Wednesday, August 4, 2010

Motherhood, bubble bath and Vernaccia

I embraced the moment yesterday - ever trying to be more present - and decided that when Quinn said, with his upturned baby blues, looking hopeful, "I'm going to come with you!" on what I had planned on being my very own, very quiet, very alone alone time, I agreed, and we hopped in the minivan. He didn't even mind riding in the smelly seat.

We had to pick up GamGams birthday present, and since there was a car repair place next door, we stopped in there, too, to see if there were any hoods being looked under: my three year old boy's dream adventure. The woman working in the office was exactly who I would have pictured if we had walked into the same car repair shop in Jersey City in 1982: long ringlets of brown hair bleached blonde, a clinging (and when I say clinging, I mean Clinging, capital C) black knit dress with beige stripes down the sleeves, a la Z Cavaricci menswear circa 1990, thick beige panty hose, crackly pink lipstick, and saying "Awwww..." in two syllables at how cute Quinn was. I guarantee that this woman was from New Jersey. They just don't grow 'em the same out here.

Anyway. Then we went to Starbucks, where Quinn was a little dream. We talked about Pirate Adventure camp, about how he loves me, how I can't have any of his brie, but can have the broken cracker that fell on the floor, that he wants some of my coffee. I couldn't help but be really angry at this other mother in there, though. She had her 5-7 year old (hard to tell) with her, and she was trying to have an adult conversation with her male companion, clearly not her partner, and clearly didn't have any kids of his own. The mom kept whisper yelling at her kid, "Sit! I told you to sit! Sit on your bottom in that chair or I will take away TV tonight!" Then she would babble on to the guy, ignoring her kid, who oh so clearly just needed attention - or a book, or a sticker sheet, or a cracker. Or something. That went on the whole time we were there. I wanted to tell the woman to focus on her kid. Or leave her kid at home to play. Who brings their five year old to Starbucks with a friend they want to impress, and expect it to go any other way? At least when my kids lose it at the grocery store, I expect it.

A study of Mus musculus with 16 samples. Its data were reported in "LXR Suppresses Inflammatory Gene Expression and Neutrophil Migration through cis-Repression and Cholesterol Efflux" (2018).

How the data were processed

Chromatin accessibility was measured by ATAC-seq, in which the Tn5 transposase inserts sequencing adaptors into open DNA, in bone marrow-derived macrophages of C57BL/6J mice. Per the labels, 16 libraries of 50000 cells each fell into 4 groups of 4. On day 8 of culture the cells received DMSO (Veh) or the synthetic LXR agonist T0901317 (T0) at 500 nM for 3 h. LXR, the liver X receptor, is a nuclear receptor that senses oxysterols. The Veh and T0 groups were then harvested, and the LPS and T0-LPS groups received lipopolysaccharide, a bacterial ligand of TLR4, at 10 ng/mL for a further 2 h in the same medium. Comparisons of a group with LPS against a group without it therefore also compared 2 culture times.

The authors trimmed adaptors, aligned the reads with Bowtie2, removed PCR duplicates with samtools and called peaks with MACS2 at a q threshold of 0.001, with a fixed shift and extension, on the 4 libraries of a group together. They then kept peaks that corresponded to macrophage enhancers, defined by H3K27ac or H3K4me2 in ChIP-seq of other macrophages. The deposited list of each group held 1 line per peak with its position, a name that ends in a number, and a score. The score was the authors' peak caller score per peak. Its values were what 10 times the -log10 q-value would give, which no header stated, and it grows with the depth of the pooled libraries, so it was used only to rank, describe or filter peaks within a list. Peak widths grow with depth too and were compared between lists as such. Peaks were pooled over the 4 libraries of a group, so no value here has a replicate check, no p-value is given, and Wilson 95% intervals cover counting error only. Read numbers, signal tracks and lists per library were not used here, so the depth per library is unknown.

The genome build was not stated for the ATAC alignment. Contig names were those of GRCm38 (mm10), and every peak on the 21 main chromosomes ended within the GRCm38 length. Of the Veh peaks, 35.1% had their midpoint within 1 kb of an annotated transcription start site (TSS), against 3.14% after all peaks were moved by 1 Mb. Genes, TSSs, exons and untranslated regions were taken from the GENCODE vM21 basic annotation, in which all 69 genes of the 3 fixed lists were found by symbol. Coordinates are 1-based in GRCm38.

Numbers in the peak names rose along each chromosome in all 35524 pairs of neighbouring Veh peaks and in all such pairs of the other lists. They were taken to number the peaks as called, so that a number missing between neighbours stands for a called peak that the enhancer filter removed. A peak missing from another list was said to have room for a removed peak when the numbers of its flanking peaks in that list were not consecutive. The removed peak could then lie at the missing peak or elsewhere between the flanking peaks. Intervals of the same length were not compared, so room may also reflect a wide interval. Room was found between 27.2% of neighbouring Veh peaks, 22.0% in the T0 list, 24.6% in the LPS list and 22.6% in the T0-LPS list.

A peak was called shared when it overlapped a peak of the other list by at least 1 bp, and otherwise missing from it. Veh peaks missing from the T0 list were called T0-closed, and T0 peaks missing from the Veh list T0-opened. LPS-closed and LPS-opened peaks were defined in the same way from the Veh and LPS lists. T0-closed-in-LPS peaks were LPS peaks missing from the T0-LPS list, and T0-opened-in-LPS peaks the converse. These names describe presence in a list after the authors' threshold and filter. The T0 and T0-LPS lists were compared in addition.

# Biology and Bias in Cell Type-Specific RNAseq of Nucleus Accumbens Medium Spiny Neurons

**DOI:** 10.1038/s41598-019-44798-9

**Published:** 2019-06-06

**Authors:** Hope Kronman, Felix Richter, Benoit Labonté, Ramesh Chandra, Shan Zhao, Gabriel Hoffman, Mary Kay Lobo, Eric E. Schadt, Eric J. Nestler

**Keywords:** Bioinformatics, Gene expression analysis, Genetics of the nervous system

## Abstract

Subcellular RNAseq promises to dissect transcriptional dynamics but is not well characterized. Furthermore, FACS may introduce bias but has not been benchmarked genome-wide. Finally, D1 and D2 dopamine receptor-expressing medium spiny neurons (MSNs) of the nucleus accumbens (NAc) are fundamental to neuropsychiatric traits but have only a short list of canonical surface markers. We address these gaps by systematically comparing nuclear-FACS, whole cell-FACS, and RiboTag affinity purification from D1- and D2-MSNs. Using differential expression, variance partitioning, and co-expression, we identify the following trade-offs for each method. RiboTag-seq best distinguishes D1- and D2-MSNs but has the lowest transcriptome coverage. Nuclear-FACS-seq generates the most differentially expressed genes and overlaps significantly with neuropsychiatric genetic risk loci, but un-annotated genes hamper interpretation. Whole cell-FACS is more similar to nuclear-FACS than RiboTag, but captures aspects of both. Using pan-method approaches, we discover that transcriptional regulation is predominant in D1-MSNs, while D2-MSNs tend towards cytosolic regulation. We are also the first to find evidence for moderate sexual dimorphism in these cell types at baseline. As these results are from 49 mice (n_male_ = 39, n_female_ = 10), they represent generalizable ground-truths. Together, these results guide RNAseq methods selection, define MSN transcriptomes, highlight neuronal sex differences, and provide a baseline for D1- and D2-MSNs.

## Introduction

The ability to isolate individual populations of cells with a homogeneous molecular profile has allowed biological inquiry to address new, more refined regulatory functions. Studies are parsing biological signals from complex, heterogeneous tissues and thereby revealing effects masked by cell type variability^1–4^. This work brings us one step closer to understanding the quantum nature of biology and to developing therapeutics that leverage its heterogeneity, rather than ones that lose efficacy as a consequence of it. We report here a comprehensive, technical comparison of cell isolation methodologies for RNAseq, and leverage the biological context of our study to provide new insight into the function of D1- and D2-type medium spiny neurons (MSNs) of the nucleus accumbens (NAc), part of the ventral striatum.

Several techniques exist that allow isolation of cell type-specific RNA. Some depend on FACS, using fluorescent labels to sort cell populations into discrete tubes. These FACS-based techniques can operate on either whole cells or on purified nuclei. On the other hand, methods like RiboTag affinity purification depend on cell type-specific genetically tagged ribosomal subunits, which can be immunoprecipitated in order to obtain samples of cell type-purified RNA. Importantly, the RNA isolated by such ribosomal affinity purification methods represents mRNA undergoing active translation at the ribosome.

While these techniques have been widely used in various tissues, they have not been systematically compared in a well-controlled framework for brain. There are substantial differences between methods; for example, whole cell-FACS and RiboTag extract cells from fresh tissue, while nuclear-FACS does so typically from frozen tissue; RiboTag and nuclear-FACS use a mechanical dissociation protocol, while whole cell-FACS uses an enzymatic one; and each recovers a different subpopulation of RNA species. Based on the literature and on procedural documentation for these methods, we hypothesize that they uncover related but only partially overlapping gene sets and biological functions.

Then today, at the park there was this woman with her two kids, 5 3/4 and 3. The three year old was having a meltdown about something, wanting a stomp rocket from the car. I was there with just Henry. Just Henry! We were on a walk, stopped for a coffee, stopped for a play in the park. No rushing, no one needed to rush to a potty, needed a snack, wanted what the other kid had, didn't want to walk anymore. One kid. Ha! Anyway. So the mom and I are standing there, seriously about 4 feet from each other, and we are the only ones at the park, and her kid is screaming on the slide, between us, and she never made eye contact with me or acknowledged me in any way. I talked to the other one about her school and being 5 3/4. The mom is yelling at the three year old to stop acting so babyish, and that it was her responsibility to bring the rocket with her from the car if she wanted it. She never made eye contact with me. She grunted a little when I said something like, "I had a day like that yesterday..." I'm sure she was thinking, what does this woman know about having two kids?

I tried to remember that I wasn't in her shoes, and that maybe she just got some really bad news - her mom was just diagnosed with a terminal illness, her husband was having an affair, lost his job. But really I think she was just kind of a bitty.

Ellie pulled a bubble bath, toilet paper, dental floss trifecta tonight, all while climbing up a tall, upside down laundry basket "just yike a yadder!" so she could sit at level with the bathroom sink. Boy, bubble bath makes a lot of bubbles in a sink. And wow, there is a LOT of dental floss on a full dental floss spool. Could have been worse. She could have come down from her bathroom extravaganza and gotten poop on the dining room chair while we had friends over for dinner. Or something.

Vernaccia. I had forgotten about Vernaccia. I went down after nursing Henry to sleep, and Chris had dumped the last swig of wine out of the bottle, the swig I had been anticipating the whole time I was getting the kids to bed. He was just trying to clean up. So he went to the store and bought a bottle of Vernaccia from San Gimignano. San Gimi Gimi. I knew I married this man for a reason.

I hope the woman in Starbucks let her kid watch a cartoon last night, and I hope the woman at the park today has a better day tomorrow. I hope, for my sake, that someone else has wiped the poop off the chair.